Officials focus on brothers, warn terror inquiry not over

Published August 13, 2006

LONDON - The investigation into a plot to blow up jetliners over the Atlantic zeroed in Saturday on brothers arrested in Pakistan and Britain, one named as a key al-Qaida suspect who left the family's home in England years ago and the other described as gentle and polite.

British authorities, meanwhile, warned against complacency, saying the detention of several dozen suspects had not eliminated the danger. The terror threat level in Britain remained "critical" - its highest designation - and delays, flight cancellations and intense security continued to greet travelers at London airports.

"No one should be under any illusion that the threat ended with the recent arrests. It didn't," Home Secretary John Reid told police chiefs at a breakfast meeting. "All of us know that this investigation hasn't ended."

Among the questions British police are studying is whether any of the suspects had links to last year's London suicide bombers and how many visited Pakistan in recent months. They also are examining Internet cafes near the suspects' homes, looking into the possibility of tracking e-mails or instant messages, Scotland Yard said.

British investigators and officials have not said how close the plot was to fruition when the arrests were made, but U.S. officials have said they would not have likely waited as long.

In June, U.S. law enforcement officials arrested seven young men in Miami. The men are accused of a plot to bomb the Sears Tower in Chicago and a federal building in Miami.

"You want to go and disrupt cells like this before they acquire the means to accomplish their goals," U.S. Attorney R. Alexander Acosta said.

One intelligence veteran suggested cultural and legal differences could account for why British authorities are more willing than their American counterparts to watch and wait before making a move in a terror case.

"It's just the way they work," said Stan Bedlington, of Arlington, Va., a former CIA terrorism analyst who also served in the intelligence services of the British Colonial Police. "They (British) would always hope that they could turn somebody and use them to their advantage."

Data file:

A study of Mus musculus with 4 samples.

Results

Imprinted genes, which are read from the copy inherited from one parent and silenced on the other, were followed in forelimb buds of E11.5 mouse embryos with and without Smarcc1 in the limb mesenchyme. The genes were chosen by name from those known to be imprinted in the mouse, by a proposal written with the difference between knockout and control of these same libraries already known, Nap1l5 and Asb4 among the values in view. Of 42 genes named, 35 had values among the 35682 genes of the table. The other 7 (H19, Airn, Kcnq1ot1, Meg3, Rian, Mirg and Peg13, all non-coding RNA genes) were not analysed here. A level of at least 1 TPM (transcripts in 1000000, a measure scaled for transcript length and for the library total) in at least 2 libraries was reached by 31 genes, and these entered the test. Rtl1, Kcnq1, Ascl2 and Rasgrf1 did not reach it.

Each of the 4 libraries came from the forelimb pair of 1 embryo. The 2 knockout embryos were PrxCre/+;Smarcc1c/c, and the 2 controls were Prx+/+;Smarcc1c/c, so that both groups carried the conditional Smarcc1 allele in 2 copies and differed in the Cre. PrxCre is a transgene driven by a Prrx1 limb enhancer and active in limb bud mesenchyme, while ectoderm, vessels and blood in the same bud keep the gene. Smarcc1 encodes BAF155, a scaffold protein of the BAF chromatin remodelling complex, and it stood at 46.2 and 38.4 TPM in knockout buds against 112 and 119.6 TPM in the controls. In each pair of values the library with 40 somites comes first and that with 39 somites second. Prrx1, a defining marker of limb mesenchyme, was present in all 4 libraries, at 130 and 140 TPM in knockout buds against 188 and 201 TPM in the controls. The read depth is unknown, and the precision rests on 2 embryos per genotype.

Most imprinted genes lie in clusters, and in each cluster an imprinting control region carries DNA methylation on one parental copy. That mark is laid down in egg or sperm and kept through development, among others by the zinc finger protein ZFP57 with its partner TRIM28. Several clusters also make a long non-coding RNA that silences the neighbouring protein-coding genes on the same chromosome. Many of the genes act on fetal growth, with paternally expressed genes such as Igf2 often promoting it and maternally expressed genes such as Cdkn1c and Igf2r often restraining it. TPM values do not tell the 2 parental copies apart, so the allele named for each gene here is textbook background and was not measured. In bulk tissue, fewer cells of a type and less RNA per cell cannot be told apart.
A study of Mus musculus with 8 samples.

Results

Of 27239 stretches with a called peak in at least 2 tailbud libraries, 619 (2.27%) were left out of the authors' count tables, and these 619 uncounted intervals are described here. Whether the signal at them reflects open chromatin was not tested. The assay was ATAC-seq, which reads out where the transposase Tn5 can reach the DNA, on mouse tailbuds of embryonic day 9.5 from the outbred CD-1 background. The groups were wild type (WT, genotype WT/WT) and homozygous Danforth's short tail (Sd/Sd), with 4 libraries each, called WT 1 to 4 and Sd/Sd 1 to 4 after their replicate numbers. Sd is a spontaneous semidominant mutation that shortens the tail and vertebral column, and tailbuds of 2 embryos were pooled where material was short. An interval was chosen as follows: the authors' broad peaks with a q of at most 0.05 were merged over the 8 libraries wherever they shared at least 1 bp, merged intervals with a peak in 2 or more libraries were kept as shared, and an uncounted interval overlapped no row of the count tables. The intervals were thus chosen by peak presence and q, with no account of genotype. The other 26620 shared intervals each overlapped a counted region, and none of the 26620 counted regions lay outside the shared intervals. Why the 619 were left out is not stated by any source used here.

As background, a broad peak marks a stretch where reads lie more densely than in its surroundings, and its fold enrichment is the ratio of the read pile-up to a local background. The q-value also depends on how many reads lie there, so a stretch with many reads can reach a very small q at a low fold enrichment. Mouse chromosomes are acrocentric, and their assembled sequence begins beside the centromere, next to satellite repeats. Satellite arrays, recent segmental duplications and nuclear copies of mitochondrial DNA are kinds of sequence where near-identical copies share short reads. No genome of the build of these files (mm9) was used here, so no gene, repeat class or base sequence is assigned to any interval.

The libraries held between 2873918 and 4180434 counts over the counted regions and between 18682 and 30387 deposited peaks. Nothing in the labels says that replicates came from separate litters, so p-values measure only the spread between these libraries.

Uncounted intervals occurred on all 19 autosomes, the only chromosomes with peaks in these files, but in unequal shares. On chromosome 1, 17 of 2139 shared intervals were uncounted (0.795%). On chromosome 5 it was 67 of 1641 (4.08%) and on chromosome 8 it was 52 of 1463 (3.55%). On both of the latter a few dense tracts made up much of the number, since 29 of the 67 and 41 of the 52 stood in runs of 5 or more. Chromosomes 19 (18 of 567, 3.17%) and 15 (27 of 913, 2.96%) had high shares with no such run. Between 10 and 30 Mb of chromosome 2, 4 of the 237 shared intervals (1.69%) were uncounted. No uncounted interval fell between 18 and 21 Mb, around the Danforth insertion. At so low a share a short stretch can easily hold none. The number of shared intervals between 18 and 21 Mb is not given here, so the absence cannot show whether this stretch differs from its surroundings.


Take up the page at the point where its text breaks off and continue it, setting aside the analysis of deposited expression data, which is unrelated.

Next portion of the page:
Much attention has focused on the role that brothers Rashid and Tayib Rauf may have played in the airliner plot. Their father, Abdul Rauf, immigrated to Britain from the Mirpur district of Pakistan several decades ago, and his five children were all born in Britain, the family said.

Rashid Rauf was arrested about a week ago along the Pakistan-Afghan border, and Pakistani officials have characterized him as a "key person" in the airline plot. They said evidence linked him to an "Afghanistan-based al-Qaida connection" but gave no details.

His 22-year-old brother, Tayib, was taken into custody in Britain during the sweeps that nabbed 24 people.

A great-uncle of the Rauf brothers said Tayib is partially deaf due to a childhood illness.

"He is very, very polite, the kindest person you could hope to meet," Qazi Amir Kulzum was quoted as saying in Saturday's edition of the Birmingham Post. "No one can believe that he would be involved in such matters."

British authorities have released little information about the brothers, or the course of their investigation into the alleged terror plot in general. There were no briefings Saturday for the second straight day, and senior government figures stayed largely out of sight.

British police on Friday released one of the 24 people originally arrested. No charges have been filed yet against the others. Under tough new antiterrorism laws, authorities can hold suspects up to 28 days without charge, but pressure is likely to mount for police to disclose at least some of the evidence.